French onion soup is no question a delicious dish with its savory and rich flavor. Top it with melted cheese and croutons, and it’s chef’s kiss. The Vikings knew that too well, except you need to remove the cheese and croutons, then make the onions super pungent. They also didn’t enjoy it as an entree, but rather, they served it to warriors injured in battle as a crude diagnostic tool to determine whether a wound might be fatal. Let’s find out why the Vikings fed their wounded onion soup.


Vikings were seafarers who originated in Scandinavia. Beginning the 8th century, they raided and pirated areas of Europe, the Mediterranean, North Africa, the Middle East, and North America. This, of course, involved tons of combatting encounters. Whenever they had to fight, they would form a wedge with their fearsome berserkers at the front of their formation. They would rush forward with ax, spear, and sword and although it was not well-known, they also employed longbows that they would use to hit targets at sea or to deplete enemy ranks. Even though they were considered good fighters, bringing home hacked-up and wounded warriors after a battle was inevitable.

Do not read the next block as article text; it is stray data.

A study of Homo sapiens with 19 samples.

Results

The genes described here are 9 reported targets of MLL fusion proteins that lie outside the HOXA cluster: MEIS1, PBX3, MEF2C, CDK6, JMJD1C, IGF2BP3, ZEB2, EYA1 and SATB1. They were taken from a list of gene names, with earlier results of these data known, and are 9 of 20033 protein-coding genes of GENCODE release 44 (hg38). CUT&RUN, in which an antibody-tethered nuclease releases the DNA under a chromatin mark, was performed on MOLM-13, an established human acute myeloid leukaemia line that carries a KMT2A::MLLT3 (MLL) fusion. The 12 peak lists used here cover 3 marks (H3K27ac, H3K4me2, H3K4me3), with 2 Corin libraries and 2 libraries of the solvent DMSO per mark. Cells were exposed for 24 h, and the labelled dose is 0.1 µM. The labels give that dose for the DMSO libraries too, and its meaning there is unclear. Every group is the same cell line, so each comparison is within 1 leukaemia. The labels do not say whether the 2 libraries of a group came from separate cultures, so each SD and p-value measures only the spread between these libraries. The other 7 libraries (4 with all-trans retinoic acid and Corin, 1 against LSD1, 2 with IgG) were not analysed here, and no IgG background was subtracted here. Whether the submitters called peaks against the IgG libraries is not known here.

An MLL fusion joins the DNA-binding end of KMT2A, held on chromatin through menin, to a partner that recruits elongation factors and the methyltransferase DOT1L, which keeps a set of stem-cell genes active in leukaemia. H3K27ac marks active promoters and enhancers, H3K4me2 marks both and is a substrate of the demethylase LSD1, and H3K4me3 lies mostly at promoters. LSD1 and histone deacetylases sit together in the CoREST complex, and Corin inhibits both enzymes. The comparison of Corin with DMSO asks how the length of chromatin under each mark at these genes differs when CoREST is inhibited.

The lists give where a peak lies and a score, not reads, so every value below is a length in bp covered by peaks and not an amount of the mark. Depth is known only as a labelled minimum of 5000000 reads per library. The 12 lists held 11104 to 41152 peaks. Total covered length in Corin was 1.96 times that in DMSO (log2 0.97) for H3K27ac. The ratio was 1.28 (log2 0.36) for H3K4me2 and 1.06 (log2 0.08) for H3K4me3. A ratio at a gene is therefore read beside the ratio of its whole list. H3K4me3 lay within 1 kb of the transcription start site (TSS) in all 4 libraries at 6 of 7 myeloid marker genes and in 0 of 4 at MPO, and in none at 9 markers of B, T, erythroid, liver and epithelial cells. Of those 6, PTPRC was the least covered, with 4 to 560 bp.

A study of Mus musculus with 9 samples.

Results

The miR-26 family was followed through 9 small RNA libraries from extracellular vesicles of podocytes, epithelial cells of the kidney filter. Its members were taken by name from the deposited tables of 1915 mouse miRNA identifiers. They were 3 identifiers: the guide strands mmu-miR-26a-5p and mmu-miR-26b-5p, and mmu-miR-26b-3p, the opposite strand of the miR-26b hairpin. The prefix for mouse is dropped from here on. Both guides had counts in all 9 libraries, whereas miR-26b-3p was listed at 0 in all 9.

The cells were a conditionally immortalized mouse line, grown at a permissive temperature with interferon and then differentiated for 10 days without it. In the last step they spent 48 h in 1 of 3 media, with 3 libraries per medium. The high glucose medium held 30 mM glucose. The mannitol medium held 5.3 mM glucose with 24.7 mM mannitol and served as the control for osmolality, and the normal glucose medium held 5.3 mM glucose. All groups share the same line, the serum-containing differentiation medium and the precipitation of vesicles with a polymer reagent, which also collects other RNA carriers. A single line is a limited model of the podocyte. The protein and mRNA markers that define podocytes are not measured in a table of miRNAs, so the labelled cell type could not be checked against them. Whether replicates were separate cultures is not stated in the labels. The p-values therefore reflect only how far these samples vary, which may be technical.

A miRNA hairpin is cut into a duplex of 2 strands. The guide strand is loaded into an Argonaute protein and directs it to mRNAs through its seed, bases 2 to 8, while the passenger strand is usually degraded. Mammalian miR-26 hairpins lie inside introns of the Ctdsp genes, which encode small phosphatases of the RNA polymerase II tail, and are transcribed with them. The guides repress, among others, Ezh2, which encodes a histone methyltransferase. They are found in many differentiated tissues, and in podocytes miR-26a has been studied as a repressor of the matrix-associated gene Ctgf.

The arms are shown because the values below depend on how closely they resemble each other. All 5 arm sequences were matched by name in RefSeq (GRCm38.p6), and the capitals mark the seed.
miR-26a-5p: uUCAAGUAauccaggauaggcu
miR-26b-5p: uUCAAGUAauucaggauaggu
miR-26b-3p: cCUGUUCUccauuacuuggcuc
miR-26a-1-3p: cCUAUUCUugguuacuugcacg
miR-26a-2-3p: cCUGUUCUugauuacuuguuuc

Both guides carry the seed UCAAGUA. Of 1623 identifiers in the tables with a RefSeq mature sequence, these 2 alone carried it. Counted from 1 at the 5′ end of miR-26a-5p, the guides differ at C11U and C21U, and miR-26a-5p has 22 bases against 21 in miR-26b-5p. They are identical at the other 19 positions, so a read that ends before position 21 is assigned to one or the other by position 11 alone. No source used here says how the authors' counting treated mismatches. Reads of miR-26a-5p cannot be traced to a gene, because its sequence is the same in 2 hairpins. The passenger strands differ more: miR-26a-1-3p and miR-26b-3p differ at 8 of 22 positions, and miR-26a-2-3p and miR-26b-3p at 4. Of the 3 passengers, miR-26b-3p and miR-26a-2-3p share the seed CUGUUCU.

An illustration of Vikings on a boat. (John Clarke Ridpath, Public domain, via Wikimedia Commons)

Vikings Were Farmers, Too

Everyday life in the Viking Age
Everyday life in the Viking Age, as pictured on a Faroese stamp (

Even though they had a reputation as pirates and raiders, they didn’t only terrorize ships and invade lands. Vikings were also good farmers and cooks. They had a diverse cuisine of sausages, boiled and fresh meat, meat preserved through smoking, curing, or using whey. As voyagers, they also loved seafood, dairy products, and their harvests of fruits and vegetables that they could turn to beers, meads, and in terms of medicine, herbs that they would use to cure diseases and heal their wounds.

Onion Soup For The Wounded

For the Viking wounded in the abdomen, the women would feed him onion soup. And no, it was not to make them feel better.